Jesus said that one day there would be a great feast, hosted by God himself. Everyone would be invited, but not everyone would come. And Jesus set about modelling that feast, where all were invited. He ate and drank – sometimes as host, sometimes as guest – with such commitment that his enemies called him a glutton and a drunkard, and a friend of those who were excluded from God’s true table (Matthew 11:19).
And so the Church, following Jesus’ example, decided that they would set aside feast days throughout the year, and that they would invite people to the table, to give a foretaste of the Great Feast Day to come, and to model heaven breaking-in to earth in the present. And while they gave people a taster, to help them to decide to go to the Great Feast, they would also use these feasts as opportunities to tell the story of what God had done in Jesus – tying each feast to a particular event or person in that story.
But somewhere along the line, some Reformers (who had had the Bible translated into their own language so they could read it, but obviously hadn’t read Matthew 11:19 - or any of the Gospel accounts that led people to make the accusation of ‘glutton and drunkard’) decided that feasts were a conceit. Believing in God was a Very Serious Business. What people needed was sermons. And, of course, all the preachers – who loved the sound of their own voice – thought this was a genius idea: why had no-one come up with it sooner? Send word to the kitchen – the feast is cancelled!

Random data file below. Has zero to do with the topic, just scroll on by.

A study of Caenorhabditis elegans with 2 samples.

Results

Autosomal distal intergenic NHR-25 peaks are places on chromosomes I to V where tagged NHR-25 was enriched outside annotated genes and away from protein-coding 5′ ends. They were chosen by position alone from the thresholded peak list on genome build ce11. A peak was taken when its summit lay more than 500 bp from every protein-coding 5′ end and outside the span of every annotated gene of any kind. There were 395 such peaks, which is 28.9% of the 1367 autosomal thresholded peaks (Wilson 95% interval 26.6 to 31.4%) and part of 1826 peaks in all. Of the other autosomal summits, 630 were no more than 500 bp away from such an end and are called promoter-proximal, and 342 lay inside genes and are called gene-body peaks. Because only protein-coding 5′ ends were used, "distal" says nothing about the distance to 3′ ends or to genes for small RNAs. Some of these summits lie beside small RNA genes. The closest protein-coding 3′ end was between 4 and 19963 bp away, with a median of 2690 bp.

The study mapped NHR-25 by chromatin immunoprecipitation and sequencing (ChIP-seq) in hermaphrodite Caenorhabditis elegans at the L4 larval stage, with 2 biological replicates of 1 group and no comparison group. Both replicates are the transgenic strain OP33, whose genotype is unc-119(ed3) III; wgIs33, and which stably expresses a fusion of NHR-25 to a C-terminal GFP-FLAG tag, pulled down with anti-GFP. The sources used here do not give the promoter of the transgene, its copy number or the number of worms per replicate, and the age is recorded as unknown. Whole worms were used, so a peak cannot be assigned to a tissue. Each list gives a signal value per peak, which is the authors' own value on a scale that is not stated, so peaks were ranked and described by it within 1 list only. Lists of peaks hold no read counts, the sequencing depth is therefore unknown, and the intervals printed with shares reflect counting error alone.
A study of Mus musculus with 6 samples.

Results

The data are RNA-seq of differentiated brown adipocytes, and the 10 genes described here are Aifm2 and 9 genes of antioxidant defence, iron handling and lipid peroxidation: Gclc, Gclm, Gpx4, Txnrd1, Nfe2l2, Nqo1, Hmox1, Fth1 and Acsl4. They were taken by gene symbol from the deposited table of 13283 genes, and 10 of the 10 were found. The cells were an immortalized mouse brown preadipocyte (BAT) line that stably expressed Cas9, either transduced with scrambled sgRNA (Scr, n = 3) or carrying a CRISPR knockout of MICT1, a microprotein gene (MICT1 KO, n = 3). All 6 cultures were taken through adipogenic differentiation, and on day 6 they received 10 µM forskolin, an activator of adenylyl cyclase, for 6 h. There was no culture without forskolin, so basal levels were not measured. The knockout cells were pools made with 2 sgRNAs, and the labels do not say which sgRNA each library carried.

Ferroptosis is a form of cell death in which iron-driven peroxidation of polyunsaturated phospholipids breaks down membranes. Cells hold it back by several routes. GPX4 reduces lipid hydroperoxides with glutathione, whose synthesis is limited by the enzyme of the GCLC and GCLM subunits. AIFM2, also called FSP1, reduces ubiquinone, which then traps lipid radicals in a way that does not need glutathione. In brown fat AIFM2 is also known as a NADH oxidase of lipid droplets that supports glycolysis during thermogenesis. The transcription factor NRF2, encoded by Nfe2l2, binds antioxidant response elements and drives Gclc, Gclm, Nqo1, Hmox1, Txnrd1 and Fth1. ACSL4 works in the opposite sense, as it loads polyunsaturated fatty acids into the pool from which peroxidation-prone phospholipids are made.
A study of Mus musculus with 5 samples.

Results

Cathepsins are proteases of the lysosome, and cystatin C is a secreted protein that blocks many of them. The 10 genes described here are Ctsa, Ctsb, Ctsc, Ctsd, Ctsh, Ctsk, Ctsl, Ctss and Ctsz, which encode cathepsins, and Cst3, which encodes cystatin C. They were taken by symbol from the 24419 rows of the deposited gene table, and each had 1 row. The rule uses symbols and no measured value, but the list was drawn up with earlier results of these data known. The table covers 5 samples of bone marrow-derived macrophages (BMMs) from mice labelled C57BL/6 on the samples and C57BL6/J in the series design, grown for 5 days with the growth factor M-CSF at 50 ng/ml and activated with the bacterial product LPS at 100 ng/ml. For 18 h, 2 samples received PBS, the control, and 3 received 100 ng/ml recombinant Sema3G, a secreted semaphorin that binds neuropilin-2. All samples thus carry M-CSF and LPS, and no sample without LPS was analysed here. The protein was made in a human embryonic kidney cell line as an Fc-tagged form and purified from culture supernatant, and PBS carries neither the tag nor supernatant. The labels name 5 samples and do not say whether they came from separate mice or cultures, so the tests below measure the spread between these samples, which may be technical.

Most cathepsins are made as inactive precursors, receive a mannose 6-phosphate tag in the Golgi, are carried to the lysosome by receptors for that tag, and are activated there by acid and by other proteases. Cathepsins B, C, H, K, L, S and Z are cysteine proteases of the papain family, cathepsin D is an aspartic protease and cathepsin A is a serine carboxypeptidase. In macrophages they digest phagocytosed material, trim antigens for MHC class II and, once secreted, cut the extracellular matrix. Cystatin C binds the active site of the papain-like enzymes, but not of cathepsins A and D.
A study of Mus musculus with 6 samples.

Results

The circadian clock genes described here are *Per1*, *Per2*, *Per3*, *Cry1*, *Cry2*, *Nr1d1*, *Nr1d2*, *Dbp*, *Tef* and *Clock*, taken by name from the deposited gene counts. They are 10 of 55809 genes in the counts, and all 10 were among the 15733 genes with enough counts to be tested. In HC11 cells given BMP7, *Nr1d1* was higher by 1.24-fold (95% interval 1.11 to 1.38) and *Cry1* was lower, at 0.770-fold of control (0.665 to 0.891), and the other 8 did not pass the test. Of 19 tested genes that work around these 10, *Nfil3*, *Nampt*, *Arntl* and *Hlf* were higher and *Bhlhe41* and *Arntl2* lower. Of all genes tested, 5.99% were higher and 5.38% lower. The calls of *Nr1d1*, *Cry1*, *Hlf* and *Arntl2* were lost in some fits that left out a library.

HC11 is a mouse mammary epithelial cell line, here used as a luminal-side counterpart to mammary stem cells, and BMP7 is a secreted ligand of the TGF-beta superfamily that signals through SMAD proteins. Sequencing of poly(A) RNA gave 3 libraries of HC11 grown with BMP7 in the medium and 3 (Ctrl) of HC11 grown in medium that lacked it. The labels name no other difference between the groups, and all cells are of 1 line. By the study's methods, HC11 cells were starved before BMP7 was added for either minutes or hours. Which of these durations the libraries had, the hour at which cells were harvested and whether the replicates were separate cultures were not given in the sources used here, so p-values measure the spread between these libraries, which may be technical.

I reckon we need to reclaim our feasts, as part of what it means to live a missional life, or life shaped by mission. Probably because I am an introvert, I don’t especially enjoy social events with more people present than I can fit around my table (which is to say, about twelve). But, introvert though I am, I am not a loner: I can appreciate solitude, as indeed I can appreciate festival crowds, but best of all is company around the table.
Christmas lasts twelve days. Yesterday was the feast of Stephen, the first person to be killed because of his belief that Jesus (whose coming into the world we celebrated the day before) was the Messiah, the One sent by God to rescue his people. Today is the feast of John the Evangelist, who saw God’s glory revealed in Jesus, and wrote about it in (the Gospel) According to John, three shorter letters, and the Revelation. Tomorrow is the festival of the Holy Innocents, recalling before God the infant boys of Bethlehem who lost their lives because God’s salvation was so threatening to those who have a vested interest in oppression and control over other people’s lives. January 6 is the Feast of Epiphany, recalling the Magi who recognised Jesus’ birth with gifts of gold, incense, and myrrh.
May your kitchen and your table be blessed this Christmas, and throughout the year ahead.